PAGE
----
Oxford University has published a study revealing that coronavirus cases per capita in Israel are now the world’s highest, with the country currently ranked in the fourth percentile for virus-related deaths.

By Erin Viner 

There have been 1,066,352 total cases in Israel, where 7,043 people died and 975,767 others have recovered from the disease.

There are currently 83,542 active infections, of whom 719 patients are in critical condition. Some 11,000 people tested positive for the virus yesterday – marking the highest number of infections in a single day since the outbreak of the pandemic.

The most recent data from the Israeli Ministry of Health shows an escalating surge of the disease. 191,937 Israelis tested positive in August as 1,564 others died of coronavirus-related complications  – up from 32,537 in July with 52 deaths, and 2,392 in June at a mortality rate of 8.

Even though the spike marks a grim milestone, a peak of 1,444 fatalities in Israel occurred in January 2021.

The Israeli Government Press office has published the latest guidelines for travel on its website, which is updated regularly.

Current “High Risk” countries are Turkey, Brazil, Mexico and Bulgaria. All foreign travelers, including those who have been vaccinated or recovered from the coronavirus, including B1 visa holders, and regardless of a serological test, who have stayed in one of these nations for any length of time during the 14 days prior to their arrival will not allowed to enter Israel. Those who stayed for up to 12 hours exclusively in an airport in these countries will be permitted to enter Israel with the usual entry permit or a B1/long term B2 visa; whereas any stay exceeding 12 hours requires a 14-day stay in a non-banned country prior to entry.

“Low Risk” countries now include Poland, Slovakia, Bahrain, Hungary, Czech Republic, China (including Hong Kong), Singapore, Taiwan and New Zealand. All travelers, foreign and Israeli, who have stayed in one of these nations over the previous 2 weeks will be permitted into Israel with an entry permit or a B1 visa, and able to leave quarantine after 24 hours from landing if they:

  1. Have an Israeli vaccination certificate and tested negative in their PCR test upon arrival at Ben Gurion Airport, or
  2. Have a foreign vaccination certificate, tested negative in their PCR test upon arrival at Ben Gurion Airport AND took a serological test in Israel confirmed by the Ministry of Health.

Until 2 September at 23:59: all travelers, foreign and Israeli, including those who have been vaccinated or recovered from the coronavirus, including B1 visa holders and regardless of a serological test, who have stayed in any country other than those listed above during a 2-week period before arrival will be allowed to enter to Israel with an entry permit or a B1 visa, but are obligated to spend 7 days in isolation. This obligation cannot be waived with a serological test. The mandated 1-week isolation period (as opposed to a default 2-week quarantine) is conditioned on taking a second (negative) PCR test on the 7th day. Travelers who were vaccinated abroad should know that while they can be dismissed from isolation after a week and two negative PCR tests – the Israeli “Green Pass” is conditioned on having a serological test as well.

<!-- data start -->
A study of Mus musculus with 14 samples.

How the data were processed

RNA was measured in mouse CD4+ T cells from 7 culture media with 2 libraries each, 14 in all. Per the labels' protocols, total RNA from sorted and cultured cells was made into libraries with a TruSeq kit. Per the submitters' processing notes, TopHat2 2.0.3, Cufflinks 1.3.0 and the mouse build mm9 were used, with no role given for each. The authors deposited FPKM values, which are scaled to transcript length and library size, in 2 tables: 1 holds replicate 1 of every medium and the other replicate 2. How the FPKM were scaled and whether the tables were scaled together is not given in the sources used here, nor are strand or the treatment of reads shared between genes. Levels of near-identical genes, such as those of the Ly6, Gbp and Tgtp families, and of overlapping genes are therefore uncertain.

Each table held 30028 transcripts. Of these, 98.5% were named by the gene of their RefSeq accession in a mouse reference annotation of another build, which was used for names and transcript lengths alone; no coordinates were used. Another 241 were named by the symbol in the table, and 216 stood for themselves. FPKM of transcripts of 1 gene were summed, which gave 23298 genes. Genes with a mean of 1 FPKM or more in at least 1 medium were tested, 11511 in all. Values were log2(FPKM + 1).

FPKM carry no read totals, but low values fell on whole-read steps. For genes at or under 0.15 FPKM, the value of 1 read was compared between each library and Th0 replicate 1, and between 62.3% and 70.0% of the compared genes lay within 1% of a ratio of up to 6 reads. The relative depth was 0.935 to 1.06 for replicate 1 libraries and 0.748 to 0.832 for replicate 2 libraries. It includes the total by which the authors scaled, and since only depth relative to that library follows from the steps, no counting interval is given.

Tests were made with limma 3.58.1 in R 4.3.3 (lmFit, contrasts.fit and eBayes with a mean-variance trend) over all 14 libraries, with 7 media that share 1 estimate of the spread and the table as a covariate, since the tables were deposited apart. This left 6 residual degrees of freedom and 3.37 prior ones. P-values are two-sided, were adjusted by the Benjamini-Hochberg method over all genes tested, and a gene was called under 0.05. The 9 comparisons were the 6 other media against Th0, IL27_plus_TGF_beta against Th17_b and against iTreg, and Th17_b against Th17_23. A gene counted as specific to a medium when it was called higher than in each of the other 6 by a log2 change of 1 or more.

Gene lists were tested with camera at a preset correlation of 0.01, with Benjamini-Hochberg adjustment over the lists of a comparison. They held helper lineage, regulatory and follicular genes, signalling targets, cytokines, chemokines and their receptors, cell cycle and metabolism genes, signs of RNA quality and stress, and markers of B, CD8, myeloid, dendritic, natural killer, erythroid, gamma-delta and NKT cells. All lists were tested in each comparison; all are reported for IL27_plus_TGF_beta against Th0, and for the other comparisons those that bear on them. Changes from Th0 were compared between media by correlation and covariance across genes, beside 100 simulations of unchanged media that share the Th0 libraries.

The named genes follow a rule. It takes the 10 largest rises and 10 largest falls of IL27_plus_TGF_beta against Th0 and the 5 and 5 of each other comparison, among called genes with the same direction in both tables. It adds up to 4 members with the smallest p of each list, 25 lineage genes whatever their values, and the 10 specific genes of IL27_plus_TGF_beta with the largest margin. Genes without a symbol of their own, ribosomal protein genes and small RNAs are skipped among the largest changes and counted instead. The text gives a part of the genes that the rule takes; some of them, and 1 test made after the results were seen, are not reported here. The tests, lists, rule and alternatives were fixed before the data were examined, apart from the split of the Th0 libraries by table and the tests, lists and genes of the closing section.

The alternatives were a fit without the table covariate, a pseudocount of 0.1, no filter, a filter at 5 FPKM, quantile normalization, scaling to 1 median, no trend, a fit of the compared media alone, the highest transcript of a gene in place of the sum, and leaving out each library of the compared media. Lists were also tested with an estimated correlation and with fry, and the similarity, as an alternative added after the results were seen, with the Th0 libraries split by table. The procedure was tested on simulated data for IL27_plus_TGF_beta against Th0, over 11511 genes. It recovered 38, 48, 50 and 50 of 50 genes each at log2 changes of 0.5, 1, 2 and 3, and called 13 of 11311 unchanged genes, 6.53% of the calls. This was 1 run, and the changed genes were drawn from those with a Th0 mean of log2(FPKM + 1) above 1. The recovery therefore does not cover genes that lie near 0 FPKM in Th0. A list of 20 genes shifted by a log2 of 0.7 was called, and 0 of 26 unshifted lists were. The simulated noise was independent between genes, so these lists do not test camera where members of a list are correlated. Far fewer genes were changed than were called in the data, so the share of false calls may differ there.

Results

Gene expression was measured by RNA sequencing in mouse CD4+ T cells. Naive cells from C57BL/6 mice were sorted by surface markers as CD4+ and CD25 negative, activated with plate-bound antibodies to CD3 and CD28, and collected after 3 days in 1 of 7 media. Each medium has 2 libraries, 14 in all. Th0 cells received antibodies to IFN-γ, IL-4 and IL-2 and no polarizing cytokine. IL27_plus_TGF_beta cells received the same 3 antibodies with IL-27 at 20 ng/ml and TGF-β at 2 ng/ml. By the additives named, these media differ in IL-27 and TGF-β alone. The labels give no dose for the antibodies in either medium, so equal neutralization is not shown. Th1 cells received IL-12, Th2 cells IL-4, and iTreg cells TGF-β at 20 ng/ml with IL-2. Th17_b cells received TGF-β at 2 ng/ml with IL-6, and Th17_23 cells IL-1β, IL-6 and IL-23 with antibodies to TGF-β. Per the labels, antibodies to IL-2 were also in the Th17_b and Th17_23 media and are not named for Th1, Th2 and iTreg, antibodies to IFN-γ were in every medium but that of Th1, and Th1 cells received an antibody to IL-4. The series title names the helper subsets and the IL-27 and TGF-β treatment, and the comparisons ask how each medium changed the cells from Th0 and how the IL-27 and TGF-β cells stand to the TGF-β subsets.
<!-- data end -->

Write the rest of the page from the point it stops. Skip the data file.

These guidelines will shift at midnight on 3 September, when all foreign and Israeli travelers arriving from any country (with the exception of the 4 High Risk countries) may leave quarantine 24 hours after landing and receiving negative results in their PCR test upon arrival at Ben Gurion Airport, provided they:

  1. Received three doses of the vaccine in Israel, or
  2. Received two doses of the vaccine in Israel, but the second dose was received less than six months prior to their entry, or
  3. Have an Israeli certificate of recovery from COVID-19 which is less than six months old, or
  4. Have an Israeli certificate of recovery from COVID-19 and received one dose of the vaccine in Israel.

The GPO emphasized that “no traveler can be admitted in Israel” without certification of vaccination.

It also stressed that “any traveler who was vaccinated outside Israel – no matter when, where, with what and how many times – is subject to quarantine of at least 7 days (except for arrivals from the 9 low risk countries) as detailed above. That applies for Israelis as well. No serological test will waive this requirement.”